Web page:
Volume II-5/W3
ISPRS Ann. Photogramm. Remote Sens. Spatial Inf. Sci., II-5/W3, 53-59, 2015
https://doi.org/10.5194/isprsannals-II-5-W3-53-2015
© Author(s) 2015. This work is distributed under
the Creative Commons Attribution 3.0 License.
ISPRS Ann. Photogramm. Remote Sens. Spatial Inf. Sci., II-5/W3, 53-59, 2015
https://doi.org/10.5194/isprsannals-II-5-W3-53-2015
© Author(s) 2015. This work is distributed under
the Creative Commons Attribution 3.0 License.

  11 Aug 2015

11 Aug 2015

Documenting the light sensitivity of Spanish Levantine rock art paintings

J. M. del Hoyo-Meléndez1, J. L. Lerma2, E. López-Montalvo3, and V. Villaverde4 J. M. del Hoyo-Meléndez et al.
  • 1Laboratory of Analysis and Non-Destructive Investi gation of Heritage Objects, The National Museum in Krakow, ul. Piłsudskiego 14, 31-109 Krakow, Poland
  • 2Department of Cartographic Engineering, Geodesy and Photogrammetry, Universitat Politècnica de Valenci a, Camino de Vera s/n, Edificio 7i, 46022 Valencia, Spain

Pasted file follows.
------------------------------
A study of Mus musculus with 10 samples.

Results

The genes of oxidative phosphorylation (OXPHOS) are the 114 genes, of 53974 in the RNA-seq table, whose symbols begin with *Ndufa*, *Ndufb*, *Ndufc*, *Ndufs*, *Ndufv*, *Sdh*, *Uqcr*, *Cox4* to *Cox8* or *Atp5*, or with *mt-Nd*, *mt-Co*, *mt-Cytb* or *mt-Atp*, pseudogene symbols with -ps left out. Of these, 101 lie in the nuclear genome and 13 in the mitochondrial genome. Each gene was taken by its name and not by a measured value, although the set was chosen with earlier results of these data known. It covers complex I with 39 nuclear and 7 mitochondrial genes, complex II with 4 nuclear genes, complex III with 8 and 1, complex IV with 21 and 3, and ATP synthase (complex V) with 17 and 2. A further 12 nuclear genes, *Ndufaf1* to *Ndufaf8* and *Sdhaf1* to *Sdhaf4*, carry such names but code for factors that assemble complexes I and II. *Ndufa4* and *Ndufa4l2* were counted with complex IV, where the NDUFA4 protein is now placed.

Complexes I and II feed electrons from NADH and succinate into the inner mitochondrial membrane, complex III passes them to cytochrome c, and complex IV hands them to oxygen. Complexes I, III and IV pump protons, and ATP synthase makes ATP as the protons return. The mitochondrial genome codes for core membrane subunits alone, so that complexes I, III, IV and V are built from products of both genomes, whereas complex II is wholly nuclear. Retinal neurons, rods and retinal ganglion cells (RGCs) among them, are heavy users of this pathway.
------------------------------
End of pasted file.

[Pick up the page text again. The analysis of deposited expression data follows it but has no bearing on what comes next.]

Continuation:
• 3French National Centre for Scientific Research, TRACES UMR 5608 – Université de Toulouse II – Jean Jaurès. 5, Allée Antonio Machado, 31058 Toulouse, France
  • 4Departament of Prehistory and Archaeology, Univers itat de València, Blasco Ibañez, 28, 46010 Valencia, Spain

Keywords: Exposure, Light, Microfading spectrometry, Photosensitivity, Pigments, Spanish Levantine Rock art

Abstract. A case study to evaluate the use of microfading spectrometry (MFS) for the study of colored systems found in prehistoric rock art paintings was conducted in the Cova Remígia rock-shelter, Castellón (Spain). This rock shelter is part of the rock art sites of the Mediterranean basin on the Iberian Peninsula included in UNESCO’s World Heritage List. Some of the paintings belonging to this group are exposed to environmental factors including natural daylight, wind and rain, depending on the time of the day and the season of the year. Therefore, their preservation is a major concern to stakeholders and researchers responsible for protecting and studying these prehistoric paintings. The experimental work in Cova Remigia focused on measuring the reflectance curves (400-700 nm) and determining the photostability of various areas containing red and black pigments on the rock art paintings. The preliminary results indicate that MFS is a suitable technique for studying the response to light of rock/pigment systems found in rock art sites. The advantages and limitations of the technique are discussed.